Tad Druart

As I read through The Wall Street Journal this morning the sub-head for an article titled, “The Data Wonk Who Became a Coach,” by Jared Diamond, captured my attention. The sub-head read: “The Houston Astros wanted to learn more about what happens on the field. So they put their stats guru in the dugout.”

As I read the article the analogies for how fire departments, EMS agencies and hospitals are using data from the field to improve patient outcomes and safety was interesting. As we kick off the Major League Baseball season I thought it might be interesting to see if the lessons learned from baseball are relevant for our customers.

Right off the bat, I saw a similarity. The article claims that “The data revolution that reshaped baseball and sparked innovation far beyond sports also inspired an element of distrust.”  In my short tenure in this market, I have seen some similar responses. Once the players understood how the traditional approach and data analysis helped them improve outcomes and be better at their profession they worked in tandem with their manager to improve. The professionals in the field needed to know and trust that the use of the data was to help make them better professionals, not be used punitively. The goal for the baseball teams is to make better decisions, make players better, and improve outcomes – sounds exactly what I have heard in our industry conversations.

Baseball, like fire and EMS has strong roots, traditions, and “tried-and-true” approaches. If the data person has never been on the bus or on the field, their credibility is limited. The Astros made their data people put on the uniform, throw batting practice, and live the experience of their players from the bus to the field.  While the data is critical to the outcomes, understanding the environment where it can be used was as important as the data itself. They learned that the players – the people on the field – don’t always respond to new ideas and ways of doing thing. Having the data person with them helped with the “implementation challenges” that they faced. Having been in the field meant adoption of the new ideas increased.

One of the players didn’t realize that cutting a half second off the time it took him to deliver a pitch would make it harder to steal on him. That was the way he had always approached it and he lived with the outcome. If seconds matter in baseball, what can data help us with in life and death situations?  (In fact, our Chief Medical Officer, Brent Myers talked about that in a different context on his webinar about Acute Stroke Care, just today.)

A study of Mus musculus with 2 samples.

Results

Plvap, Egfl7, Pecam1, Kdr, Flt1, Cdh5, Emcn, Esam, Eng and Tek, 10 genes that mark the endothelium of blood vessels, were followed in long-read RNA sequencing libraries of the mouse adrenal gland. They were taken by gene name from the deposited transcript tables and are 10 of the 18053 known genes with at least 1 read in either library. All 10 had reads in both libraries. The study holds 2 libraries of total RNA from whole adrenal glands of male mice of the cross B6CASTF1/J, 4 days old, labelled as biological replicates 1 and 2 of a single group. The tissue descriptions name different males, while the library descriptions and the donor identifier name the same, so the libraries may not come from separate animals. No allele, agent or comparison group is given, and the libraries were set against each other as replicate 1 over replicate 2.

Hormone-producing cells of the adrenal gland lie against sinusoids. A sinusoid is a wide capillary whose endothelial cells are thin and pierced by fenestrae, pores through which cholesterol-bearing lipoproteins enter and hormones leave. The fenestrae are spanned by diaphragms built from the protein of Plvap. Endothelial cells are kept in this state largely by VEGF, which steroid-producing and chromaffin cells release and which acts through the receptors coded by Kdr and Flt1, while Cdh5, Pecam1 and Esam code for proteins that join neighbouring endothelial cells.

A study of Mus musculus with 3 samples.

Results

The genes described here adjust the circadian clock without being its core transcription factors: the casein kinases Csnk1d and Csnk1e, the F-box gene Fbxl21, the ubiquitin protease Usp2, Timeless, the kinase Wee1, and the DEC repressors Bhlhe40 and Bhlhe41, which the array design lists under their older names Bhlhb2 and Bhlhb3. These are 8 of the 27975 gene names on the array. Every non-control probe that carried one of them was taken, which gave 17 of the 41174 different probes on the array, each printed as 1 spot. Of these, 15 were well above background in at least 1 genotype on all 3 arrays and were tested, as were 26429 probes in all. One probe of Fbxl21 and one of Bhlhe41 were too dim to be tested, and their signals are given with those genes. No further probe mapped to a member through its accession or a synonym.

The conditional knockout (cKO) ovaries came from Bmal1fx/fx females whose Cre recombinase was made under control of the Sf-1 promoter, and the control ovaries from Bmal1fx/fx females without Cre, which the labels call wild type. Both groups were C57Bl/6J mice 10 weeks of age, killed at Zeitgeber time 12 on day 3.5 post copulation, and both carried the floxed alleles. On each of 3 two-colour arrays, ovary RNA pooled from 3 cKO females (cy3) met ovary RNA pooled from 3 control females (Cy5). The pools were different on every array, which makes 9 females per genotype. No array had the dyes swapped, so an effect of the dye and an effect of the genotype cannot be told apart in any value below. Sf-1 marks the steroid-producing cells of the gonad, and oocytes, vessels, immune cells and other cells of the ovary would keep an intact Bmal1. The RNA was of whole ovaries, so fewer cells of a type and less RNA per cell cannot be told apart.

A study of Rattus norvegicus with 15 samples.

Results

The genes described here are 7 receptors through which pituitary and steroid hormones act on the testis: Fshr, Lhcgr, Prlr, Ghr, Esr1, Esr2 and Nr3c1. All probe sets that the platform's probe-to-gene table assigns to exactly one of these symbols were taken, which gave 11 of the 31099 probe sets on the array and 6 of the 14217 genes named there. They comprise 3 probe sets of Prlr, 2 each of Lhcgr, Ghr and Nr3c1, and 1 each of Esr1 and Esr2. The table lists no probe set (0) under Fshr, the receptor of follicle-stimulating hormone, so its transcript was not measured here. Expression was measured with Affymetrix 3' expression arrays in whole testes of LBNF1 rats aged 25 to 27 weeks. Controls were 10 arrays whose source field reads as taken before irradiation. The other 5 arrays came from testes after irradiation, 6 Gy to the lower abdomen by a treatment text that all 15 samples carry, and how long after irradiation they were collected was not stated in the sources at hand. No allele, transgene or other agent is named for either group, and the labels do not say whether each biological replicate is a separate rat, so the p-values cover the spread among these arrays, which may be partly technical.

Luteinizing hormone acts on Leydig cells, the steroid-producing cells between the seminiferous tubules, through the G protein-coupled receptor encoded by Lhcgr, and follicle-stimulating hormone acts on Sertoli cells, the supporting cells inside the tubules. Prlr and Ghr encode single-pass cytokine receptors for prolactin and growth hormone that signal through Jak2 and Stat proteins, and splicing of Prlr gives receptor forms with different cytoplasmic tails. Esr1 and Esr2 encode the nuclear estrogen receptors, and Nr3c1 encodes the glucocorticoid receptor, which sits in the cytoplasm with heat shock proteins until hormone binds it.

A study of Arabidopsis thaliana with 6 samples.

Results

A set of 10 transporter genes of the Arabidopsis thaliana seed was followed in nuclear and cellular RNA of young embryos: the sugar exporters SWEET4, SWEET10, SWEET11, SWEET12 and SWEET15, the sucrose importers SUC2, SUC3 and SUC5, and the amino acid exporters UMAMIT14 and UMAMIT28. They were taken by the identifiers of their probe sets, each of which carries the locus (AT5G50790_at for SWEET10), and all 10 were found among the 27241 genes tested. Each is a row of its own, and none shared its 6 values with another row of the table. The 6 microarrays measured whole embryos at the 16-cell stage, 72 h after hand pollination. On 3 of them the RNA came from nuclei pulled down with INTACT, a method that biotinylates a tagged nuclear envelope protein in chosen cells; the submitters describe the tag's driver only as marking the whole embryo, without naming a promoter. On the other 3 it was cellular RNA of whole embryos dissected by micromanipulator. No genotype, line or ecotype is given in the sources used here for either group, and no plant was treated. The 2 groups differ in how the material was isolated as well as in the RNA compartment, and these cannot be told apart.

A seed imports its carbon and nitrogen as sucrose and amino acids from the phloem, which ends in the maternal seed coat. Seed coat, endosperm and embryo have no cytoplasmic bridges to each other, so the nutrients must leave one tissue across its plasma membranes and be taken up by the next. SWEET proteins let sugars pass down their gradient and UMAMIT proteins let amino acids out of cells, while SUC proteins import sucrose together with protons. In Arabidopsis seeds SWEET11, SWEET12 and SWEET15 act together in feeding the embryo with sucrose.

The most interesting take-away for me was the manager and former major league player who stated, “We see that the future is going to be.” He didn’t say it begrudgingly, he embraced it and looked at it as way to improve his profession. Super Bowl Champion Philadelphia Eagles coach, Doug Pederson had an analyst on his headset this season to help with strategic decisions. Both the Eagles and the Astros are embracing data to “assist in the decision-making process” and develop talent.

We are seeing data make a difference in sports, and even more importantly seeing our customers using data to improve patient outcomes and make communities safer.

The biggest challenge for baseball is “upending decades of tradition and conventional wisdom.” For the World Champions they’re using data and working collaboratively to help players get better and to predict outcomes that are desired and, if possible prevent outcomes that are undesired.

At ESO we’re proud to be a part of a community of professionals who are not threated by new ideas, but are using data to work collaboratively and look at what the future is going to be. More importantly they are using data to embrace the words of Abraham Lincoln, “The best way to predict your future is to create it.”

If data matters in sports, it really matters for the health and safety of our communities.

Tad Druart is ESO’s vice president of marketing.